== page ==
Ukraine, US Say Rocket Strikes Significantly Slowing Down Russia  

U.S. and Ukrainian officials say U.S. rocket systems provided to Ukraine are having a large impact in the fight against Russia, helping Ukrainian forces to hold off Russia’s military in the eastern Donbas region.

A U.S. senior military official speaking on the condition of anonymity Friday to discuss the war said U.S.-supplied rocket systems known as HIMARS are having “a very, very significant effect” in the fight against Russia.

Ukraine’s defense ministry spokesperson, Oleksandr Motuzianyk, also singled out the role played by the HIMARS long-range rocket systems.

“In the last weeks, over 30 of the enemy’s military logistical facilities have been destroyed, as a result of which the attacking potential of Russian forces has been significantly reduced,” Motuzianyk said Friday on national television.

The U.S.-supplied rockets are more precise than Ukraine’s Soviet-era artillery and have a longer range, allowing Ukraine to hit Russian targets farther back from the front line.

The senior U.S. official said, “Russian forces are limited to incremental if any gains” in the Donbas region and are being held off by Ukrainian forces.


‘No indication’ of military target

The U.S. official also dismissed Russia’s claim that it targeted a military meeting in Ukraine’s central city of Vinnytsia on Thursday in an attack on an office building that Kyiv says killed 23 people, including children.

“I have no indication that there was a military target anywhere near that,” the official said.

Russia’s defense ministry said Friday that it was targeting a meeting between military officials and foreign arms suppliers.

Much of the fighting in Ukraine is currently centered in the eastern Donbas region. Russian forces, however, also regularly fire on cities in many other parts of the country, including on Thursday in Vinnytsia, hundreds of kilometers from the front lines.

Ukraine said the strike on the central city was carried out by cruise missiles launched from a Russian submarine in the Black Sea.

Among the dead was a 4-year-old girl with Down syndrome, whose image has gone viral. Ukrainian officials said more than 100 people were wounded in the attack.

On Friday, rescue teams searched through the debris for people still missing in the attack. Residents of the city created a makeshift memorial with flowers and teddy bears.

“The simple truth is that, as we speak, children, women and men, the young and the old, are living in terror,” International Criminal Court Chief Prosecutor Karim Khan said on Thursday at the opening of the Ukraine Accountability Conference in The Hague, with about 40 nations in attendance.

Khan said an “overarching strategy” is needed to bring those guilty of conducting war crimes in Ukraine to justice.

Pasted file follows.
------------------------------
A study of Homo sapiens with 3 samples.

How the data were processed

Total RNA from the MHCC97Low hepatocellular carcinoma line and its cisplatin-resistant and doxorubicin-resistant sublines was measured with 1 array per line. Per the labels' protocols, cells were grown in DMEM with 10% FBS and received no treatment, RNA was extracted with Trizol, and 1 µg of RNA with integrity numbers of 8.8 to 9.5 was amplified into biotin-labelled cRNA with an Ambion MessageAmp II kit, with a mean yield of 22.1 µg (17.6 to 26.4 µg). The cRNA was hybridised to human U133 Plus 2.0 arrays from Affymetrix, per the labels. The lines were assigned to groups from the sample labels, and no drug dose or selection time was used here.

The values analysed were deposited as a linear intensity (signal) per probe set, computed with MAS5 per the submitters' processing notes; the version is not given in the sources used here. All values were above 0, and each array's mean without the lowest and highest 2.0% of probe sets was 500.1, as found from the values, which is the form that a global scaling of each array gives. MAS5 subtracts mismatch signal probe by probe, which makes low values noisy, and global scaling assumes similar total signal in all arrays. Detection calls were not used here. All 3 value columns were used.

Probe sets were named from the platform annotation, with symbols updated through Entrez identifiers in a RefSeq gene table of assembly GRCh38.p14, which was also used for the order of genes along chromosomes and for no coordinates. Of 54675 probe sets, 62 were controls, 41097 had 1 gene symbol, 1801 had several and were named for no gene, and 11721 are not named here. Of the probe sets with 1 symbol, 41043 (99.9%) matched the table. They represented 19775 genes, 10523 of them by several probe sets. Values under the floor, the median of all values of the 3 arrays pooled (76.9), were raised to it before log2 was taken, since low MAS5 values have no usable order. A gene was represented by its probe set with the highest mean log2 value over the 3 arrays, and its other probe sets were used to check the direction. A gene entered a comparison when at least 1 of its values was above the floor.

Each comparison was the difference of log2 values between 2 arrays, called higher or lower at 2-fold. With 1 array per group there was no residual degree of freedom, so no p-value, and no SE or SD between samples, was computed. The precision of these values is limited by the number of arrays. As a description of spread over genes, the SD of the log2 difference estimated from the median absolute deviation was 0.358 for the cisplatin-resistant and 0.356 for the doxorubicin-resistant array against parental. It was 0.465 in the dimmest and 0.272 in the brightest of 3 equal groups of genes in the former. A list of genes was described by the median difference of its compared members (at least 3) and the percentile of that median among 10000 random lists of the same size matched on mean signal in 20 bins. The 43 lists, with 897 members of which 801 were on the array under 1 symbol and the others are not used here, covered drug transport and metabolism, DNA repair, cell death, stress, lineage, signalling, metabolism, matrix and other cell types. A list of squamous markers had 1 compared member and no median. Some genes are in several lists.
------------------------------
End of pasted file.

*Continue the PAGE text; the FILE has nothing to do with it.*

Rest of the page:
Ukraine has granted the ICC jurisdiction over the crimes committed within the country, opening the door to the court’s investigations, since neither Ukraine nor Russia is an ICC member.

Police in Vinnytsia said three missiles hit an office building in the center of the city, about 270 kilometers southwest of the capital, Kyiv. The strikes also damaged residential buildings in the area and engulfed 50 cars in a nearby parking lot.

“This is the act of Russian terror,” Ukrainian President Volodymyr Zelenskyy told the ICC meeting in a video address.

The governor of the Vinnytsia region, Serhiy Borzov, said Ukrainian air defense systems shot down four more missiles over the area.

With a population of 370,000, Vinnytsia is one of Ukraine’s largest cities. Thousands of people from eastern Ukraine, where Russia has concentrated its offensive, have fled there since the start of the war in late February.

Russia has denied targeting civilians in Ukraine.

Grain exports

Despite the fighting, both sides have indicated signs of progress toward an agreement to end a blockade of Ukrainian grain.

Turkey, which has been mediating the efforts, said a deal could be signed next week.

Russian Defense Ministry spokesman Lieutenant General Igor Konashenkov said a final document had been prepared and was set to be completed “in the nearest time,” according to The Associated Press.

U.N. Secretary-General Antonio Guterres said Wednesday that there was “broad agreement” on a deal between Russia and Ukraine, with Turkey and the United Nations, to export millions of tons of Ukrainian grain stuck in silos since Russia’s invasion on February 24.

More than 20 million tons of Ukrainian grain are being stored in silos at the Black Sea port of Odesa, and dozens of ships have been stranded because of Russia’s blockade. Turkey said it has 20 merchant ships waiting in the region that could be quickly loaded and dispatched to world markets.

The grain deal has been in the works for months, with U.N. officials raising the alarm right after the war started about the consequences for global food security if Ukraine, one of the world’s top grain exporters, was unable to get its harvests out.

VOA’s Jeff Seldin contributed to this report. Some information came from The Associated Press, Agence France-Presse and Reuters.